Library funds restored

Cathy Palmer (left) and Eileen McCreary sit together during a "Drop Everything and Read" protest, in support of regional libraries, outside Arm River MLA Greg Brkich's office in Davidson on April 7.

Cathy Palmer (left) and Eileen McCreary sit together during a “Drop Everything and Read” protest, in support of regional libraries, outside Arm River MLA Greg Brkich’s office in Davidson on April 7.

By Joel van der Veen

DAVIDSON — The books are back in town.

In the face of public protests, criticism and a petition with thousands of signatures, the provincial government has announced that it will restore $4.8 million in funding for Saskatchewan’s libraries.

“Our libraries are very important to people all over the province,” Greg Brkich told the Leader on Wednesday. “We didn’t realize that the funding would affect them that much.”

The Arm River MLA said library funding was a hot topic for his constituents in the weeks following the budget’s release on March 22.

“That’s what we had the most calls on,” he said. “I didn’t think that would be the top priority for a lot of the callers, but it seemed like it was.”

Library staff and patrons were quick to denounce the cuts, saying the reduced funding would cripple many of the most popular services, leading to decreased usage.

The SILS program, which allows patrons to borrow books and materials from any public library in the province, was among the anticipated casulaties.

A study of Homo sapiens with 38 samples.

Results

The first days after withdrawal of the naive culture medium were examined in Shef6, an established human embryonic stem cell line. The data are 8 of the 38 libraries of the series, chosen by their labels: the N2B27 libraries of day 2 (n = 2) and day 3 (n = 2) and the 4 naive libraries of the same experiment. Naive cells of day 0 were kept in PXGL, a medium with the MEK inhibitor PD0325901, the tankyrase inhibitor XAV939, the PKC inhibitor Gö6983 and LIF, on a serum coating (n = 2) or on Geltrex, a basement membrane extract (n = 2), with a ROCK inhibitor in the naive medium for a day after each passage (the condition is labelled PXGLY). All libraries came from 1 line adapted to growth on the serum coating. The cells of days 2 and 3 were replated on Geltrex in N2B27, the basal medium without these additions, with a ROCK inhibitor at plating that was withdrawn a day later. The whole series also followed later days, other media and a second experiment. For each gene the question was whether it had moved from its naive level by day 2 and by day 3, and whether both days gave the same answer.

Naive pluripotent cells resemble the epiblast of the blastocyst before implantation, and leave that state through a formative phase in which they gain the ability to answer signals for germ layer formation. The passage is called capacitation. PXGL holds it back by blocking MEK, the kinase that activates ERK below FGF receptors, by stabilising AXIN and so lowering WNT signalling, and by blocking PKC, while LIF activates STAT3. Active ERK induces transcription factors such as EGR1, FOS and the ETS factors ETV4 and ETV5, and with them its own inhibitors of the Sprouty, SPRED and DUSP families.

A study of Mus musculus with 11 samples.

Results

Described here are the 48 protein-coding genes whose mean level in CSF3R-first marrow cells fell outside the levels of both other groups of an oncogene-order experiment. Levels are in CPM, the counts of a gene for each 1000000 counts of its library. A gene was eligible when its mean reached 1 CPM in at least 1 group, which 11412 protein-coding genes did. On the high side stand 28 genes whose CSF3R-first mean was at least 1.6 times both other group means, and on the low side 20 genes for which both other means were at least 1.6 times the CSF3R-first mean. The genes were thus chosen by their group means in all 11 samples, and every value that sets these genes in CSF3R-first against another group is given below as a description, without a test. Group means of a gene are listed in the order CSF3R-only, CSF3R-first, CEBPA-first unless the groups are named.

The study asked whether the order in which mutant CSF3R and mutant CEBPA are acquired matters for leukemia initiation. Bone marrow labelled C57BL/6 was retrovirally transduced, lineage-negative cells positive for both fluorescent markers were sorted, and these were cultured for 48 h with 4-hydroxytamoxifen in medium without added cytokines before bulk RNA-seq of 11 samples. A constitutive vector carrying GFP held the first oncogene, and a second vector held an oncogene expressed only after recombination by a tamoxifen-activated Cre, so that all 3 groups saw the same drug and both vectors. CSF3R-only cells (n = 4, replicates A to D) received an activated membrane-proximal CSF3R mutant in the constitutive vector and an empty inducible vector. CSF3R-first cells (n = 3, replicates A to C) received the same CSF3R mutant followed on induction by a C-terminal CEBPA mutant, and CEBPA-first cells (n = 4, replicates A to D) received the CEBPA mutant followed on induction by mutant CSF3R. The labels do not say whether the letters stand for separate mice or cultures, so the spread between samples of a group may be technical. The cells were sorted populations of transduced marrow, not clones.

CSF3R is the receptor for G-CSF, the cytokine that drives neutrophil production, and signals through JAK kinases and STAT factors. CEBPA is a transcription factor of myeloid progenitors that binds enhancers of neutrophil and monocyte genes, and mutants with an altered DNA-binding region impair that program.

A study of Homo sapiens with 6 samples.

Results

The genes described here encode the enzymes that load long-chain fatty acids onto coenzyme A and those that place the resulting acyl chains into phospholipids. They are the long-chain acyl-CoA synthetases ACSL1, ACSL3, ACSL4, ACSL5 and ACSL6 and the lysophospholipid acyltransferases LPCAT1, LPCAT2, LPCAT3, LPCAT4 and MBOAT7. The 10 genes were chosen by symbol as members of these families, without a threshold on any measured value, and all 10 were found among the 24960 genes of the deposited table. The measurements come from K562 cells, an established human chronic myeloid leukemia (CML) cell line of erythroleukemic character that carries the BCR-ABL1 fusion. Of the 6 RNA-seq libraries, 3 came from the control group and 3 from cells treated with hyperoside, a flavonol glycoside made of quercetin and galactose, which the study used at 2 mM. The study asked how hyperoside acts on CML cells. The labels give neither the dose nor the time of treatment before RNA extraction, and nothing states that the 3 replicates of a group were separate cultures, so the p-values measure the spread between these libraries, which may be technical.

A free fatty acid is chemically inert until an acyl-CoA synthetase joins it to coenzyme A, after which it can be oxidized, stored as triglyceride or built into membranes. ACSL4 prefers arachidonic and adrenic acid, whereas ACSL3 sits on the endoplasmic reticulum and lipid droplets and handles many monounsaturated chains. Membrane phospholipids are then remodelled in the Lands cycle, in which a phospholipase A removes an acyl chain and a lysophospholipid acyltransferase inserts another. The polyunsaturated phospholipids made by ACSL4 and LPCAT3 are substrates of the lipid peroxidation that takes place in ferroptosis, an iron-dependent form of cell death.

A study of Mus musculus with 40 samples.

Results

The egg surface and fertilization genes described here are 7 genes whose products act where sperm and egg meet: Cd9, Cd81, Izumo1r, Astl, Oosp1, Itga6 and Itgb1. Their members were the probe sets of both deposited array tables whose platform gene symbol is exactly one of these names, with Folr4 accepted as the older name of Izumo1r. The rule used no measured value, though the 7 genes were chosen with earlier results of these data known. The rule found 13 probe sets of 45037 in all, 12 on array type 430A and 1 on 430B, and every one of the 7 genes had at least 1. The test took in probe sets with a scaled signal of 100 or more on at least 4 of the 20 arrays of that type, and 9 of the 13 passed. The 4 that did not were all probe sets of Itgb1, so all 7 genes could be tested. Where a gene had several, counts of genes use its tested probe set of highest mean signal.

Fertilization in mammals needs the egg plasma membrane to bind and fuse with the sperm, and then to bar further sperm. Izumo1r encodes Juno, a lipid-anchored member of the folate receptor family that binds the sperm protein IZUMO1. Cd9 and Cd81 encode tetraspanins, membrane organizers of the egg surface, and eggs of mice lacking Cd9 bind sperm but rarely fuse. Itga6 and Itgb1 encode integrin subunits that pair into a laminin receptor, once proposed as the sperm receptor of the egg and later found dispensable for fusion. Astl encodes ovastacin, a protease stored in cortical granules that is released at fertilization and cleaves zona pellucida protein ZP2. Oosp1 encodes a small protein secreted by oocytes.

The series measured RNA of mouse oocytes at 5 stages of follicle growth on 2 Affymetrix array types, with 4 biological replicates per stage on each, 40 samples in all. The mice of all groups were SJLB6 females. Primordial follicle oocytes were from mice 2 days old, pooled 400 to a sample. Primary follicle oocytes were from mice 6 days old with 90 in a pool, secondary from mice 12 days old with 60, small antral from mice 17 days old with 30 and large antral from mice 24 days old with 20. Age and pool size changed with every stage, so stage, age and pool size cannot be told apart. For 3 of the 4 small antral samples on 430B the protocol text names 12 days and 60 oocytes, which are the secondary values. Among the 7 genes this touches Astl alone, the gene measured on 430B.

In an April 24 announcement, education minister Don Morgan conceded the government had erred in cutting the libraries’ budgets.

“Premier (Brad) Wall has always said that we would be the kind of government that would admit its mistakes and then fix those mistakes,” he was quoted.

Saskatchewan’s seven regional libraries had their funding cut in the budget by 58 per cent, from $6 million to $2.5 million.

That funding has since been restored, along with $1.3 million in funding for the municipal libraries in Regina and Saskatoon.

Brkich echoed Morgan’s comments, saying that the province perhaps should have consulted with the libraries before releasing the budget.

“It was probably a mistake to cut them that much without prior warning,” he said. “We probably should have worked with them a little earlier to see what could be done.”

Morgan said his office will begin a consultative review with libraries and municipalities, working on a long-term strategy.

For the full story, please see the May 1 edition of The Davidson Leader or call 306-567-2047 to subscribe today.